All local authorities in Zimbabwe, urban and rural, rely on rates or taxes from residents in their area for the bulk of their funds to provide basic services such as health, road repairs and maintenance
and education. In some places urban councils tend to go further and also sell treated water, dispose of sewage and collect garbage, for which they charge special rates.
Problems of viability and fairness arise when some residents do not pay. Councils cannot provide services if they do not have the money, and some of these services are essential, and it is unfair that those who do pay support those who do not.
Many councils thus hire debt collectors, or perform similar functions with their own staff, and if residents still do not pay after the normal warnings they seize and auction property. But that also produces problems.
Second-hand goods in Zimbabwe are not valuable; auctioned items usually sell for a tiny fraction of their replacement cost. So it is quite possible for a bad payer to lose all their moveable property and still owe vast sums.
The law limits what can be seized in urban areas. Generally basic kitchen and bedroom furniture has to be left in place and, critically, tools of a person's trade cannot be seized. But in any case urban councils rarely move down to this level of seizing property. If they rarely want to apply pressure they simply cut water supplies, which almost always produces the defaulting resident in a council office and then arrangements can be made.
Most councils are prepared to consider payment plans for arrears, and will only move on to further action if the resident does not either keep to the plan or renegotiate it.
Once the resident and a council official are communicating then usually something can be worked out.
But rural councils are in a bind. They tend to offer services to a whole community, rather than an individual. It is difficult to cut off access to a clinic or a road to just one person. And it is in the general nature of defaulters that they do not go to the council office voluntarily to negotiate a deal and a payment plan.
In fact, they tend to do their level best to avoid all council officials all the time. Rural councils also face the problem that most rural incomes are intermittent, especially among farmers, who form the bulk of ratepayers. Payment plans are difficult to draw up when no one has the faintest idea how much income a person will have over the next year.
Most of the property seizures thus occur in rural areas. If this was just things like televisions, this would not be criticised.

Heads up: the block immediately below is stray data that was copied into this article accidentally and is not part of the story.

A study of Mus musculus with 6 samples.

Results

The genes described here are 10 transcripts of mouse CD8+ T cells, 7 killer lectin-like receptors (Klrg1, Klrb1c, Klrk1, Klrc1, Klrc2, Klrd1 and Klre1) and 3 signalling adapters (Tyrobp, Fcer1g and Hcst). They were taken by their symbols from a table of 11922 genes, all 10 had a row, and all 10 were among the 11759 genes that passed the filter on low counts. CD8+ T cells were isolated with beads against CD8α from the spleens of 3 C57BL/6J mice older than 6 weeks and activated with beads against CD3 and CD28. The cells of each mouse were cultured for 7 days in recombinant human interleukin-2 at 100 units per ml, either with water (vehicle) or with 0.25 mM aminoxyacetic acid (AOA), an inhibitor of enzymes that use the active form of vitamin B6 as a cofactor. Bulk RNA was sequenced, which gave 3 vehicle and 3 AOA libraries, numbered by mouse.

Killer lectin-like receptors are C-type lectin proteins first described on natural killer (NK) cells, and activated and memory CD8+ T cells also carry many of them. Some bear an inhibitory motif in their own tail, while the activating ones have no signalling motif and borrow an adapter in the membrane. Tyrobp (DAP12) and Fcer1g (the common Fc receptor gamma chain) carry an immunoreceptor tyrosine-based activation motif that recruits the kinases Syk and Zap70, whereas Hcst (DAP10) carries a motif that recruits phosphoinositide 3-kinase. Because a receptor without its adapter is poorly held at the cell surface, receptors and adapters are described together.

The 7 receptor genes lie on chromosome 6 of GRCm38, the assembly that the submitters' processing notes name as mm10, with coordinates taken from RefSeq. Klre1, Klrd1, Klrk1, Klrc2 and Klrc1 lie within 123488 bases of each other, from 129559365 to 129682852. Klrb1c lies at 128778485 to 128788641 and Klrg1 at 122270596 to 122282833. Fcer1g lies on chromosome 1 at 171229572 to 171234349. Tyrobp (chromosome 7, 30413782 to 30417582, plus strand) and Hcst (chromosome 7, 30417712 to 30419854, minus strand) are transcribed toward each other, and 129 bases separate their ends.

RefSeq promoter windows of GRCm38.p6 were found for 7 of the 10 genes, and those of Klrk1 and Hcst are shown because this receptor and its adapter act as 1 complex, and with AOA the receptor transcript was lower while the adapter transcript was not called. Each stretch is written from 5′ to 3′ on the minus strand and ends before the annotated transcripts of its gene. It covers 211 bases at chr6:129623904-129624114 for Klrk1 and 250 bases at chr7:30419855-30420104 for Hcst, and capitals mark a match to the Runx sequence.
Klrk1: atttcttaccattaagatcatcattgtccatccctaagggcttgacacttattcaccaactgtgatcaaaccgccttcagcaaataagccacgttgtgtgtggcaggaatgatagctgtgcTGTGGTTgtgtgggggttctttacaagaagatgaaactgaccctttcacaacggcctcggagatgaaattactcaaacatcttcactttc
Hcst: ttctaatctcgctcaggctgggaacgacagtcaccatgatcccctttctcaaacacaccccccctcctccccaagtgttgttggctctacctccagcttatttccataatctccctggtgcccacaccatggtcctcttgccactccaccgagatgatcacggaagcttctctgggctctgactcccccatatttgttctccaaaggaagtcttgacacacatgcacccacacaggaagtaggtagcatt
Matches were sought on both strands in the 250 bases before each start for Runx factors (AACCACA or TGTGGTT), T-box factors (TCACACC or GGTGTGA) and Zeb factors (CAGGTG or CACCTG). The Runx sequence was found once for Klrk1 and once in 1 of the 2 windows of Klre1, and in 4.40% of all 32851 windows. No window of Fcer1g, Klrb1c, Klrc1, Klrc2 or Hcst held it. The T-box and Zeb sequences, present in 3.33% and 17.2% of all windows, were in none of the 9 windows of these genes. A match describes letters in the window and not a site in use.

Unfortunately, the average rural person does not have a lot of valuable household goods; their main moveable assets are the machinery, from small ploughs and scotch carts upwards, or livestock. They need these to produce their incomes.
So the action by Local Government, Rural and Urban Development Minister Ignatius Chombo to ban councils from seizing property is not irrational. It does stop poor families sinking into total poverty with no hope of ever getting out. But it is only half the needed policy. Somewhere along the line the council needs to get its money.
We would like to see several approaches examined. Urban councils, if all else fails, should be able to get easily and cheaply garnishee orders on the paychecks or other income of most of their defaulters. This avoids massive asset loss through auctioning goods for a song and ensures that the money does eventually turn up. A civil magistrate, even processing a large number of cases a day, can at least ensure that the orders are outwardly fair.
Rural councils probably need some way of grabbing a percentage of what their residents get when they sell crops or livestock.
This is fine if they are hunting a tobacco farmer, who must be paid through a bank. They should be able to get a simple order that makes the bank pay the council, say 10 percent of the tobacco receipts, until the debt is cleared.
But such a system is not going to work so easily when dealing with a person selling on the parallel market where bookkeeping is minimal and all payments are untraceable cash. But we think imaginative officials could create a system whereby a council could seize a fixed percentage of a harvest as it is reaped, or a percentage of a cattle herd or some similar system.
This would have a similar effect to a garnishee order, leaving the resident with the bulk of their income and all their assets but still paying off a debt.
Hopefully councils would never have to go this far if there was some way they could get their money without total hardship for defaulters. Starting the process should encourage defaulters to do what they should do in the first place, visit their council offices, discuss the problem and then work out a fair and realistic payment plan.
Minister Chombo's suggestions of using community trust income and the like could help reduce the burden. But generally these sources of income must be earmarked for capital expenditure, not running costs. It would be sensible to use trust income to build a new bridge, but taxes have to be used to keep it in repair.
Rates could be lower and so more affordable but would not go away. We hope the minister's action will start what is needed, a proper debate on how councils can be viable without condemning residents to total and permanent poverty.
And this means that they need to look at how they can get their money out of income, just as the central Government does with its income taxes, rather than by seizing and selling assets that are usually vital for a family's livelihood.